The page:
I keep thinking about Iran and I’m not sure why, especially since not everyone shares my obsession. I began a conversation with a GUIDEPOSTS writer the other day gushing over the latest developments in Tehran. The rallies, the photos smuggled out via internet, the prospect of change in a country deeply at odds with itself over how to live in the world.
“Yeah,” the writer said, “I think I saw something about that on the news. What’s happening?”
I realized my preoccupation is a little unusual. It might be that I recently read a book about Iran. That book, by an Iranian-born journalist who has lived much of his life in America, cut through stereotypes and explored the true complexity of an ancient culture still struggling to adapt its religious and intellectual heritage to a rapidly changing world. I felt when I finished the book that I’d almost been inside Iran, witnessing first-hand its fascinating contradictions.
Or maybe it’s that I grew up in Los Angeles, where many expatriate Iranians live. Or maybe it’s simply that ever since that day in 1979 when Iranian militants took control of the American embassy in Tehran I, like most Americans alive then, have considered Iran a place in permanent tension with the United States, a place about which it is impossible to feel neutral.
Actually, it may be simpler than all of that. If there’s anything I really, truly hate, it’s watching someone get away with something unjust. I don’t pretend to understand the complexities of Iranian politics or society. But what is happening in Iran smacks of people in power betraying even their own principles for the sole sake of retaining that power. And so far they’re getting away with it.
The Islamic Revolution that brought the current Iranian government into being was at least ostensibly an effort to bring a form of democracy to a country that had long suffered under a dictator. Shah Mohammad Reza Pahlavi, ousted by the revolutionaries, had ruled Iran since 1953, when he was installed in a military coup backed by American and British intelligence. The Shah brutally repressed all forms of dissent and was particularly insensitive to Iranians’ desire for religious freedom.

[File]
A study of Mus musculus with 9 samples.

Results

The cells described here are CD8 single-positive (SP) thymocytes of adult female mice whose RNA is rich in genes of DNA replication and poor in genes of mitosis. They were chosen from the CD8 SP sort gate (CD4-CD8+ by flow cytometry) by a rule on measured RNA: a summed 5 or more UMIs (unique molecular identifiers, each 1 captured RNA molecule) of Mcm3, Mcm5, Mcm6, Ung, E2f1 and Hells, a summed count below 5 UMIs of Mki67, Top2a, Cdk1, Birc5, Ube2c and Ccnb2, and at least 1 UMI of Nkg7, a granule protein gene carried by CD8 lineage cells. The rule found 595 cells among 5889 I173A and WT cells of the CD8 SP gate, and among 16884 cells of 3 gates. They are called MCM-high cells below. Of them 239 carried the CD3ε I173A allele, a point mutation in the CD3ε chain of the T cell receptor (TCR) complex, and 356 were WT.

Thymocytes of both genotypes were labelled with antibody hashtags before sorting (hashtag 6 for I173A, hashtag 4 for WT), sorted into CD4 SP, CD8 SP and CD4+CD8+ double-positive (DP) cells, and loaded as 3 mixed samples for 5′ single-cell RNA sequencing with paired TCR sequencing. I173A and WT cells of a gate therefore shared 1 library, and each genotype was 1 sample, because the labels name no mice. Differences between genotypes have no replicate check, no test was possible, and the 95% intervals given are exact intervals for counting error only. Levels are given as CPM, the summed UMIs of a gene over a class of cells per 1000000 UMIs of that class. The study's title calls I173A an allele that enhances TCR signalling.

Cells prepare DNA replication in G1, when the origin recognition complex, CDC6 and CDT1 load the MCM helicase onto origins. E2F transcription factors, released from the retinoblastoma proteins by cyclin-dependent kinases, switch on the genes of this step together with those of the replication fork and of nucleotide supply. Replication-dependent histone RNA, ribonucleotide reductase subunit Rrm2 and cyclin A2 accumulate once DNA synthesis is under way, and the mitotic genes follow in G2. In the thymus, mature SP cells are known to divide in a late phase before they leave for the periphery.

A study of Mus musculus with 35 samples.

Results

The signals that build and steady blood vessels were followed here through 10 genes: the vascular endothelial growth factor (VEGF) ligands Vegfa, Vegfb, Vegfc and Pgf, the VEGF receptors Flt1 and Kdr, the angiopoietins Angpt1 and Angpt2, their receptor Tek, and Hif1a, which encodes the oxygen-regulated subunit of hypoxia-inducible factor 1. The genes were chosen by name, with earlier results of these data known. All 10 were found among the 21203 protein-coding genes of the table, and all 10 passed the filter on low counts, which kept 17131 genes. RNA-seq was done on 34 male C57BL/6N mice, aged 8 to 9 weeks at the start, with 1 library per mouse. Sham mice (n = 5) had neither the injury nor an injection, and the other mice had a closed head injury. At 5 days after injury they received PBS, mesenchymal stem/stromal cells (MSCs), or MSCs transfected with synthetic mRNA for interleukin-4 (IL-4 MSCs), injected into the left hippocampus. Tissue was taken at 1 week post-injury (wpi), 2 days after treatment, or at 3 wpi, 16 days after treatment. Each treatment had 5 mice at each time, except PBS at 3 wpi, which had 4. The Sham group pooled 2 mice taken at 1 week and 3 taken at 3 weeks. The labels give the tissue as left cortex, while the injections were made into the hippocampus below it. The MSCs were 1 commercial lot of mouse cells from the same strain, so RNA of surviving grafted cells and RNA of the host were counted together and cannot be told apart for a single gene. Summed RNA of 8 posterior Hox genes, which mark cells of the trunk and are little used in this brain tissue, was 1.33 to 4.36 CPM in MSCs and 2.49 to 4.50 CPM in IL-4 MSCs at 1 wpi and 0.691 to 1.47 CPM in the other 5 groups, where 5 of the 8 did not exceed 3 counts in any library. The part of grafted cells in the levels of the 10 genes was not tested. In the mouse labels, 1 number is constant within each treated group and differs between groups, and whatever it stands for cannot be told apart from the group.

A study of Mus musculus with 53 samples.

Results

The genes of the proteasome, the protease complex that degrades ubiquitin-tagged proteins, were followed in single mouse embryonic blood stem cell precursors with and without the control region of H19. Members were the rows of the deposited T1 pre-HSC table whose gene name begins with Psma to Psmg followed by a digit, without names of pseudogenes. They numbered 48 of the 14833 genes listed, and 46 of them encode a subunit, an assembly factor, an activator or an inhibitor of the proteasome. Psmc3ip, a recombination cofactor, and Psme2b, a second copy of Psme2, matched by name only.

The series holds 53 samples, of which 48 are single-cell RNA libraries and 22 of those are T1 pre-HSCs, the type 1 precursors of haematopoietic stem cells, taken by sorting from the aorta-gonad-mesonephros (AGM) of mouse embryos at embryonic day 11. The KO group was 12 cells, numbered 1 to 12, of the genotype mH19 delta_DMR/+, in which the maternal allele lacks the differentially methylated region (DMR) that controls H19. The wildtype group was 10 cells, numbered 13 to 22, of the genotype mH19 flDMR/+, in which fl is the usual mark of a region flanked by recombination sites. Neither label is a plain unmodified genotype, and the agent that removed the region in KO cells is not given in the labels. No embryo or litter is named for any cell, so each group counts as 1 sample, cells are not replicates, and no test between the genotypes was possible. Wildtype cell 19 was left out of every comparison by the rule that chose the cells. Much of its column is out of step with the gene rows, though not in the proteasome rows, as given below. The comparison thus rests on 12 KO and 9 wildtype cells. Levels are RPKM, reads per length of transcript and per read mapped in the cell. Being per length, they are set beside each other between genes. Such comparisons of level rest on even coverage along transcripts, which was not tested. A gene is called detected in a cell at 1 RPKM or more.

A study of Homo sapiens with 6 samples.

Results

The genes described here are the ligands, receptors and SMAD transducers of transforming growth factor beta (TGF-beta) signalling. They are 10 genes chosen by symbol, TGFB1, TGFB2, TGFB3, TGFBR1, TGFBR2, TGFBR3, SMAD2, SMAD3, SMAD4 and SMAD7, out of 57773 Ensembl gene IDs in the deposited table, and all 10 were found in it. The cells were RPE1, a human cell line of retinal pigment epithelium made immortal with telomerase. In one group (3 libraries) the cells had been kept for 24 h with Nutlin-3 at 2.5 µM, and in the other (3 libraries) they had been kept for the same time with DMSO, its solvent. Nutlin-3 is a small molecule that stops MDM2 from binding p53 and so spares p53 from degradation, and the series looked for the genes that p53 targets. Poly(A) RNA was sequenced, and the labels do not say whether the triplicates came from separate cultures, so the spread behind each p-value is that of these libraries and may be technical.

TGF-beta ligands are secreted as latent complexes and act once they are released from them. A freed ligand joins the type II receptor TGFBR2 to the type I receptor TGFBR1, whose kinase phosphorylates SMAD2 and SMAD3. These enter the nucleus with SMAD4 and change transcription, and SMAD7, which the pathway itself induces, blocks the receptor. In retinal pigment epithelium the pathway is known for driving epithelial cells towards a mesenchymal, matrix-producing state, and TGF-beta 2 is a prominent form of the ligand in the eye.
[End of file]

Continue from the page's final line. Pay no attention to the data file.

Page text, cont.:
The Islamic Revolution replaced the Shah’s government with what has turned out to be one of the Middle East’s most durable functioning democracies. The democracy is not perfect—important powers over the military, judiciary and aspects of government are reserved for unelected Islamic clerics. But it is real, and moderate candidates at odds with the clerical elite have been elected president.
Now, though, even this partial form of democracy seems at risk. And therein lies what I think is most compelling—and most relevant even for people who never give international news a second glance—about what is happening in Iran.
Power, of course, corrupts. Everyone knows that. But mostly that phrase is used to describe other people, people with more power than you and I will ever know. The implication is that, actually, power only corrupts when there’s lots of it. Everyday people like you and me have nothing to worry about.
I wonder, though. Aren’t we all a little like those elites in Iran, clinging to a power we don’t even know how to let go of? The very condition of living, of trying to stay in control of life’s basic elements, sometimes feels like a hopeless quest for power. A subtle kind of power, yes, a power so basic we take it for granted. But just the idea of individual selfhood, of a me that reserves the right to make final decisions about my life, excluding others and God—what is that if not a desire for power?
I think I’m fascinated by what’s happening in Iran because, in some primary way, it’s a drama that plays out inside me, too. Part of me yearns to stay in control, and sometimes I’m tempted to betray even my own principles to keep that control. But another part of me wants to let go, to live in the midst of a larger community, to acknowledge that unpredictability and the wisdom of others often charts a better path than I could ever chart myself.
I hope it all doesn’t end in violence. I hope that power, met with peaceful resistance, can let go its death-grip and allow a deeper kind of freedom. I hope that happens for all of us.
Jim Hinch is a senior editor at GUIDEPOSTS. Contact him at firstname.lastname@example.org.